Brain scans of four different types of depression could aid in the diagnosis and treatment of the condition.
Four types of depression have been newly identified by researchers using brain scans.
The brain scans revealed distinctly different types of brain activity in each sub-type.
The finding may eventually lead to treatments targeted to the particular sub-type of depression.
Dr. Conor Liston, who led the research, said:
“The four subtypes of depression that we discovered vary in terms of their clinical symptoms but, more importantly, they differ in their responses to treatment.
We can now predict with high accuracy whether or not a patient will respond to transcranial magnetic stimulation therapy, which is significant because it takes five weeks to know if this type of treatment works.”
The four different types of depression they identified are:
- Biotype 1 is characterised by anxiety, insomnia, and fatigue.
- Biotype 2 is characterised by exhaustion and low energy.
- Biotype 3 is characterised by an inability to feel pleasure as well as slowed movements and speech.
- Biotype 4 is characterised mostly by anxiety with insomnia along with the inability to feel pleasure.
They are called ‘biotypes’ because of the biological means (brain scans) used to identify them.
Previously, symptoms have been used to identify different types of depression.
But this can produce unsatisfying answers.
It is hoped that a biological approach will help to provide some extra precision for diagnosis and treatment.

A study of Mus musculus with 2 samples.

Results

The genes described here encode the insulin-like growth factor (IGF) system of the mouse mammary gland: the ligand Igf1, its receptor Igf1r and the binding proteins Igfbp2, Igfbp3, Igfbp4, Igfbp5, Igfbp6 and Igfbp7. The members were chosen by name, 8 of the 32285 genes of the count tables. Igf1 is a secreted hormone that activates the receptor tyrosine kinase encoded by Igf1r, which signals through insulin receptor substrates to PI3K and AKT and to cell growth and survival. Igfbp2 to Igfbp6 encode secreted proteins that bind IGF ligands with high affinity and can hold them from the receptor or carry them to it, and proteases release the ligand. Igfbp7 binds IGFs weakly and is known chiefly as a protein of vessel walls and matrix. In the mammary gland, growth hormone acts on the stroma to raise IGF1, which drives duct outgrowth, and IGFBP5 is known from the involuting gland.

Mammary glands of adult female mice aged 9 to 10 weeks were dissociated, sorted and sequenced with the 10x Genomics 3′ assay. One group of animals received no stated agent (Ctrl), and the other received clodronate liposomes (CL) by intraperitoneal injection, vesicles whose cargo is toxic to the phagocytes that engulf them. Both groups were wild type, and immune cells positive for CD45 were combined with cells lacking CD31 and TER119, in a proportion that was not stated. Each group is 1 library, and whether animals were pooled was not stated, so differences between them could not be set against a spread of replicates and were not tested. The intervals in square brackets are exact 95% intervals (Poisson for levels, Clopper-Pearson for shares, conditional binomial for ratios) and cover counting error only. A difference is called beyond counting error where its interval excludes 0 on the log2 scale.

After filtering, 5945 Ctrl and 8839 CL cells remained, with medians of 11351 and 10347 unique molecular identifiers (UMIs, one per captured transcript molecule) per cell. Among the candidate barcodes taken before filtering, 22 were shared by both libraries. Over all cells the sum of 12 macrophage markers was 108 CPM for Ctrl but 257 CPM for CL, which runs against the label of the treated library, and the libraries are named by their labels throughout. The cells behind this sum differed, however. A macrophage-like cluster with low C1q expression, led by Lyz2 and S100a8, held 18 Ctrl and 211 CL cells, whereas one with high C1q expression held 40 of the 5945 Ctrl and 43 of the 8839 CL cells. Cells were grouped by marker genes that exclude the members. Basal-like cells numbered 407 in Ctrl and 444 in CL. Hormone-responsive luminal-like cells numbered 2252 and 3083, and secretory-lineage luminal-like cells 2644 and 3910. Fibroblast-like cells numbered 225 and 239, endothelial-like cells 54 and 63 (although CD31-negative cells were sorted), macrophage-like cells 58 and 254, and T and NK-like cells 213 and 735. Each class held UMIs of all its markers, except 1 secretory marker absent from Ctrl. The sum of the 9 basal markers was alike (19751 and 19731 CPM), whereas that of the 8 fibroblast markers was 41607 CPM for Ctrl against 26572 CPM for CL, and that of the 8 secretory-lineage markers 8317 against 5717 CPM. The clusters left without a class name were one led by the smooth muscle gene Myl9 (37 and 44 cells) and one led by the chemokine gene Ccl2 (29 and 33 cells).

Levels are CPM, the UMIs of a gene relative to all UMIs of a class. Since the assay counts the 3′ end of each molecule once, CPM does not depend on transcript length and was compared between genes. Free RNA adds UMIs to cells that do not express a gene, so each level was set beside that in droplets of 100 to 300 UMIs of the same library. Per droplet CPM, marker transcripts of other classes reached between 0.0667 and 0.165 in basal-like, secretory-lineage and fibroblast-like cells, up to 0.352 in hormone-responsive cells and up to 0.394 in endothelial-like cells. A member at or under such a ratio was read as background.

Dr Liston said:
“Depression is typically diagnosed based on things that we are experiencing, but as in election polling, the results you get depend a lot on the way you ask the question.
Brain scans are objective.”
The conclusions come from a study of over 1,100 fMRI brain scans of people with depression, compared with healthy controls.
Researchers at seven different institutions worked to identify the abnormal patterns of connectivity in the brains and how they were linked to depressive symptoms.
They found the patterns clustered together.
For example, one group had reduced connectivity in the part of the brain that is important for fear-related behaviour.
This was most often seen in sub-types 1 and 4, both of which are characterised by high levels of anxiety.
Dr Liston concluded:
“Subtyping is a major problem in psychiatry.
It’s not just an issue for depression, and it would be really valuable to have objective biological tests that can help diagnose subtypes of other mental illnesses, such as psychotic disorders, autism and substance abuse syndromes.”
The study was published in the journal Nature Medicine (Drysdale et al., 2016).